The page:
Court Adopts New Test in Harassment Cases

Professionals strive to maintain safe and welcoming workplaces for employees and guests. To further this goal, many firms have incorporated into their employment manuals anti-harassment policies and training. Yet, despite such precautionary steps, an employer cannot guarantee an environment free of wrongdoers. In the unfortunate event of a claim, it is up to the court to determine whether an employer that took proactive measures to protect employees is nonetheless liable in employment related harassment claims.

Boon to New Jersey Employers: State Supreme Court Confirms that Federal Faragher/Ellerth "Affirmative Defense" Now Applies to Sexual Harassment Claims Under State Law

Executive Summary: On February 11, 2015, New Jersey's Supreme Court formally decided an important issue left open for nearly two decades concerning New Jersey's Law Against Discrimination (LAD). In Aguas v. State of New Jersey, __ N.J. __, No. 072467 (2015), the state's highest court definitively held that an employer can rely upon the company's anti-harassment policy as an "affirmative defense" to an employee's claims of negligence or vicarious liability brought under the LAD. In doing so, the Court aligns the standard for employer liability under the LAD with that set forth by the U.S. Supreme Court in its landmark 1998 decisions, Faragher v. City of Boca Raton and Burlington Indus. v. Ellerth. A copy of the decision is available here.

Off Duty Conduct May Subject Employer to Sexual Harassment Liability.

The plaintiff complained of sexual harassment by her co-worker – an offer of money for sex – while both were off duty. Shortly thereafter, the plaintiff was allegedly given reduced hours, and subjected to poor treatment by her co-workers and supervisors.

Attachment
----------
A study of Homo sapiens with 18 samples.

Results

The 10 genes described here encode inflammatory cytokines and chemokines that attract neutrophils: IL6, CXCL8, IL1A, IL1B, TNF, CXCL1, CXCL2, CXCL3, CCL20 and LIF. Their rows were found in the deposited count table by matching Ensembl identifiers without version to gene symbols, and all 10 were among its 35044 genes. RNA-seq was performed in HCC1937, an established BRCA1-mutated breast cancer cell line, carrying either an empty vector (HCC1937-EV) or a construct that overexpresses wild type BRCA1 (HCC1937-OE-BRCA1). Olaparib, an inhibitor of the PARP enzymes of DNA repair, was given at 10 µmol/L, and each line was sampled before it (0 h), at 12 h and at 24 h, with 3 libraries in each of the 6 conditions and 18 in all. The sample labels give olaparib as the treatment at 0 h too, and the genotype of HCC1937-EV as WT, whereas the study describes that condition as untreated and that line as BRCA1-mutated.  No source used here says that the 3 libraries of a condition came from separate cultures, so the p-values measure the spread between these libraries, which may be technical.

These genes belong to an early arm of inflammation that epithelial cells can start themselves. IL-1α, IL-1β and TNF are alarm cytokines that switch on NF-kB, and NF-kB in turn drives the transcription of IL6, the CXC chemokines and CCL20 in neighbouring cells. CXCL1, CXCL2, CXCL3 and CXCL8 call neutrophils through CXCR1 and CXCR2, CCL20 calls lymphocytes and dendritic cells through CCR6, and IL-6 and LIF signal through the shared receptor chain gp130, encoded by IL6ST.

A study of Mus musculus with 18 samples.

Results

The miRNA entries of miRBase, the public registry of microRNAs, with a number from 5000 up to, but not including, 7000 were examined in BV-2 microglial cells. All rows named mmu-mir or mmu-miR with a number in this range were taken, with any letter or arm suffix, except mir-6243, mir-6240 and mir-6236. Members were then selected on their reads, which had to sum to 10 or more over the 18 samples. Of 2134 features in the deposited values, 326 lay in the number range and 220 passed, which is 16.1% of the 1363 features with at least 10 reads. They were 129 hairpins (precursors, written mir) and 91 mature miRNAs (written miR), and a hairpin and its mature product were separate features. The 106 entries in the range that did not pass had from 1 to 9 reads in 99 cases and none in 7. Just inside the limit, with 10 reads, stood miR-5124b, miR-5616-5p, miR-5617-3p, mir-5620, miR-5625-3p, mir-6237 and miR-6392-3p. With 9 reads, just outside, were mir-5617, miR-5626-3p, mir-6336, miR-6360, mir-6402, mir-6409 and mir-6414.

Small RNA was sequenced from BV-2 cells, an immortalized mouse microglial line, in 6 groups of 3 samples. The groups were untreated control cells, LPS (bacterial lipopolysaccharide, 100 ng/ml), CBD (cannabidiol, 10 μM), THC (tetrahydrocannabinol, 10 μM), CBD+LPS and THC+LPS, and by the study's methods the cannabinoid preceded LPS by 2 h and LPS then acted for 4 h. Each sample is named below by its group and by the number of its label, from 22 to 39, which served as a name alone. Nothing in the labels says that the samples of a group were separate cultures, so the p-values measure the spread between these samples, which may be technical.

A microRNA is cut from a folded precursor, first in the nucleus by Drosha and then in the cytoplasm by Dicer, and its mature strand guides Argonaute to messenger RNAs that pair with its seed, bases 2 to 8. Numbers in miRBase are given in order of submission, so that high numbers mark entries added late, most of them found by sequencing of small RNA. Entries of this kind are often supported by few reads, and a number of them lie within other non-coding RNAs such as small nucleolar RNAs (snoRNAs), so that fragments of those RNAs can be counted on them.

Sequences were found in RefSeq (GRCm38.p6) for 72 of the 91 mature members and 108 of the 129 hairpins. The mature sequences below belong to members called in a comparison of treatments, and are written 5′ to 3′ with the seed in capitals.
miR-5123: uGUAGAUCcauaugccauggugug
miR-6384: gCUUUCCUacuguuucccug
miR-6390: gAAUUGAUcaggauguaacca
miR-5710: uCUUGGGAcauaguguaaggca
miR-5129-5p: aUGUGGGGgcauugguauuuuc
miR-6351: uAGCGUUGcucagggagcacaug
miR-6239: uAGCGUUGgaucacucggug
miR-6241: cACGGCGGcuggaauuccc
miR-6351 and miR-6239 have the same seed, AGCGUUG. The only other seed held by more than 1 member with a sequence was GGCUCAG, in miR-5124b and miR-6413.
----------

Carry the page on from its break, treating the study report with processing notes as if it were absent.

Statute of Limitations for Hostile Work Environment Claim Began to Run When Employee Left Workplace.

The plaintiff left the workplace due to alleged sexual and disability harassment on January 11, 2002, and never returned, claiming that ongoing, unremedied harassment made it impossible for him to return to work. His paid leave expired on July 19, 2002, and his employment was terminated the same day. On March 25, 2004, the plaintiff filed a claim alleging hostile work environment and other violations under the Law Against Discrimination (LAD). The plaintiff claimed the two-year statute of limitations for the hostile work environment claim began to run on the date of his termination.

Summary Judgment for Employer Upheld Where Employer Had Clear, Well-Published Policy against Sexual Harassment and Acted Promptly to Investigate and Remediate Offending Conduct

This decision reminds employers yet again of the critical importance of creating, publishing and then following a comprehensive policy for sexual harassment and other complaints of discrimination.

New Jersey Employers Liable for Co-Worker Sexual Harassment in the Absence of an Effective Anti-Harassment Policy.

In the first New Jersey state court decision of its kind, the New Jersey Appellate Division has held that an employer can be liable under state law for an employee's sexual harassment at the hands of a co-worker in the absence of an effective anti-harassment policy, even if the employer was unaware of the harassment.

Court Finds Persistent Dating Attempts Not Equivalent to Sexual Harassment.

Despite the spate of recent pro-employee hostile work environment cases, the Supreme Court issued an antidote in Godfrey, holding that the plaintiffs, two female seminary students, were not subject to a hostile environment when a 60-year old seminary resident pursued them in quest of a date, where his behavior involved no sexual language, touching, or inappropriate comments or suggestions.

Hostile Work Environment Claim Dismissed Where Employer Took Prompt Action Following Report, and Had a Comprehensive Harassment Policy in Place.

The Appellate Division here affirmed dismissal of a sexual harassment/hostile work environment claim where the employer took prompt action to investigate and remedy the situation and the employer had in place a well-publicized, comprehensive anti-harassment policy, which the employer took affirmative steps to disseminate through an orientation program.